Letter and Spirit: From Constantinople to the Abstract of Principles

Kyle Claunch has offered some thoughtful reflections on my use of his words in the current Trinitarian debate and indeed on the discussion as a whole.  I will not comment on his post in detail but there is one question which he raises to which I will offer a very brief answer:
 

Can we not (and should we not) distinguish between a departure from some of the words of the creedal tradition and a departure from the orthodoxy of the creedal tradition?
 

Yes, of course we should.  But is that what we are dealing with in this discussion? 
 

Certainly, some concepts can be expressed using different words. For example, the conceptual content of the phrase ‘Trueman’s youngest sister’ is also quite accurately expressed by ‘the youngest daughter of Trueman’s parents.’  This is a simple point and does in fact impact the practice of confessional subscription.  Thus, in Presbyterian circles it is not uncommon in ordination exams, when asked if he subscribes to the Westminster Standards, for a ministerial candidate to respond ‘Well, I might not have chosen to express this or that doctrine using quite the same language as the Westminster Assembly; but yes, I do still agree with what the Confession’s words are saying.’
 

But when you say (as has been said by various theologians referred to in this ongoing debate) that eternal generation is meaningless or is only a point of discussion because the church happened to give it creedal status, or that it is highly speculative and not grounded in scripture; and when you then replace it as an intratrinitarian relation with, say, authority and submission, then I submit that you are not expressing the same concept in different words.  You are replacing one concept with a different one and your language reflects that.  The question at that point is not, first and foremost, the incomprehensibility of God but rather the basic meaningfulness of words and sentences.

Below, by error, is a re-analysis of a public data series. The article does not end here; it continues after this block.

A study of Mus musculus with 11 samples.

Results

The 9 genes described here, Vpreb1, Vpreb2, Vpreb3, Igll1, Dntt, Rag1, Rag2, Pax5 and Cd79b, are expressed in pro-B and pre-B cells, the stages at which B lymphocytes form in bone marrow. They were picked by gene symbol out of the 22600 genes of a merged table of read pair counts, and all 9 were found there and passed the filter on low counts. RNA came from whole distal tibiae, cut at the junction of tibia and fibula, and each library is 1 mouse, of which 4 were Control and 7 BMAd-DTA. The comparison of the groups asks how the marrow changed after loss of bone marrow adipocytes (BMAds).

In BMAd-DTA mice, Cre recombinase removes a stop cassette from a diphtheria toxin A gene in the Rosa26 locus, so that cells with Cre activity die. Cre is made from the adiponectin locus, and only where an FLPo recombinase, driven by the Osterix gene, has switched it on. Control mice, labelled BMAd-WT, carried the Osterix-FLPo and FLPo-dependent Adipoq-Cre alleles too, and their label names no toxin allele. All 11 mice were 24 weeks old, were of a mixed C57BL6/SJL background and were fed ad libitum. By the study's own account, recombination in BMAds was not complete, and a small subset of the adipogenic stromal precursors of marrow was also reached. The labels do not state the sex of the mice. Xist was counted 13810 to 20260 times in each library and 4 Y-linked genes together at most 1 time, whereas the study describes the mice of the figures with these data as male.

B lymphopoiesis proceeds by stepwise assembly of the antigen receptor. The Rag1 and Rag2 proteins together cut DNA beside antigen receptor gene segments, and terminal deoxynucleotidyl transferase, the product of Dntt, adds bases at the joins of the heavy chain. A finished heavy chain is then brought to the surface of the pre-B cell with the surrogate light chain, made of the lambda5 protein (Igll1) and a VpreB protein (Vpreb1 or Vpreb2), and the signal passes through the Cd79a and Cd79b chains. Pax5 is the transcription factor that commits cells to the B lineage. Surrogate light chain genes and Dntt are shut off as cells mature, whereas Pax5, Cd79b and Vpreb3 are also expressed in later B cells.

Those who opposed inclusive language translations of the Bible on the grounds that some words are not replaceable with others, and those who went through the struggles in Southern Baptist circles about the danger inherent in separating the spirit of the Abstract of Principles from the letter, should be especially wary of  enlisting similar arguments to those of their erstwhile opponents in the service of their own understanding of the ecumenical creeds.